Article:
Connection capacity refers to the maximum amount of data that can be transmitted over a network in a given amount of time. It is determined by a combination of factors, including the bandwidth of the network connection, the number of users or devices accessing the network, and the efficiency of the network protocols and hardware.
As more devices are added to a network, the demand for bandwidth increases, which can lead to slower network speeds, longer delays, and other performance issues.
A lot of the popular "speed" tests on the Internet today are actually performing a multi-user capacity test. This essentially means they pack the connection with as much data as it can take, but completely disregard performance. These tests may show you a nice big number but the test is not indicative of the true user experience and ignores packet loss.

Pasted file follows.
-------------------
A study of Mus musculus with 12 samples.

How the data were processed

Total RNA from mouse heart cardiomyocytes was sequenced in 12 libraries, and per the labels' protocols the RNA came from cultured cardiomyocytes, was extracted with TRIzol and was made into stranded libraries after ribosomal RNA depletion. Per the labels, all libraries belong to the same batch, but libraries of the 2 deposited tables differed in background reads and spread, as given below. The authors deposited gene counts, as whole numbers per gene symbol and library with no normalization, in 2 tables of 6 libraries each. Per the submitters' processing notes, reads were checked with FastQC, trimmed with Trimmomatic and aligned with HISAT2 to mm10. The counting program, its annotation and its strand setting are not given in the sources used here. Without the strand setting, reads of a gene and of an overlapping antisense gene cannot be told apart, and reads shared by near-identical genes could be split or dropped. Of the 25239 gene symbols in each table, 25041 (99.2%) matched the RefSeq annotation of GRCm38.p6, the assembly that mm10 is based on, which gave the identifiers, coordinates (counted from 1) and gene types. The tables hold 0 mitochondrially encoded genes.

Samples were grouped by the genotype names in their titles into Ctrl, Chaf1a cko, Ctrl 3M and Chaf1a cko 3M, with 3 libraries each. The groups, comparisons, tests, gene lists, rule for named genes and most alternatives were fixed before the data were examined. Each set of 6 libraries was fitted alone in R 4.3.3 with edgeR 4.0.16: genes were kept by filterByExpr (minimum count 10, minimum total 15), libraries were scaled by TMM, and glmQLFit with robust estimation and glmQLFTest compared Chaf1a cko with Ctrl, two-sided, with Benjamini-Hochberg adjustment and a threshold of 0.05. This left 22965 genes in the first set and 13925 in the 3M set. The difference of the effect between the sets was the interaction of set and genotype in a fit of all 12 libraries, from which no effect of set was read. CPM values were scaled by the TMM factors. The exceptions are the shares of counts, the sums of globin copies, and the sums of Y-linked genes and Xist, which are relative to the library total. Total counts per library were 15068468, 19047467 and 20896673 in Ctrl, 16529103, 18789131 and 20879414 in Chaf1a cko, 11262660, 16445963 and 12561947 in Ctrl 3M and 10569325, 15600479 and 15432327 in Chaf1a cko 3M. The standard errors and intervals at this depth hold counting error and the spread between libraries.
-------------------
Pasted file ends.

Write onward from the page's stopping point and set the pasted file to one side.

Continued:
To ensure that a network can support its intended workload and capacity, it's important to measure packet loss rates during network capacity testing and take steps to minimize or eliminate packet loss where possible.
The MCS Capacity Test does just that.
MCS performs methodical test cycles, slowly ramping up the amount of data it puts on the connection.
Crucially, the test adapts when packet loss occurs. If the packet loss at any cycle exceeds the acceptable loss - set in the test specification - it cycles back down and, if no packet loss occurs, will ramp up again.
The final result of the test is the maximum capacity achieved within the acceptable packet loss level.
UDP packets are used for many things, including VoIP and Video. The packet size for VoIP and Video codecs varies so a key part of the MCS test is to set the appropriate packet size. For example, a VoIP G.711 codec uses a 172 byte packet.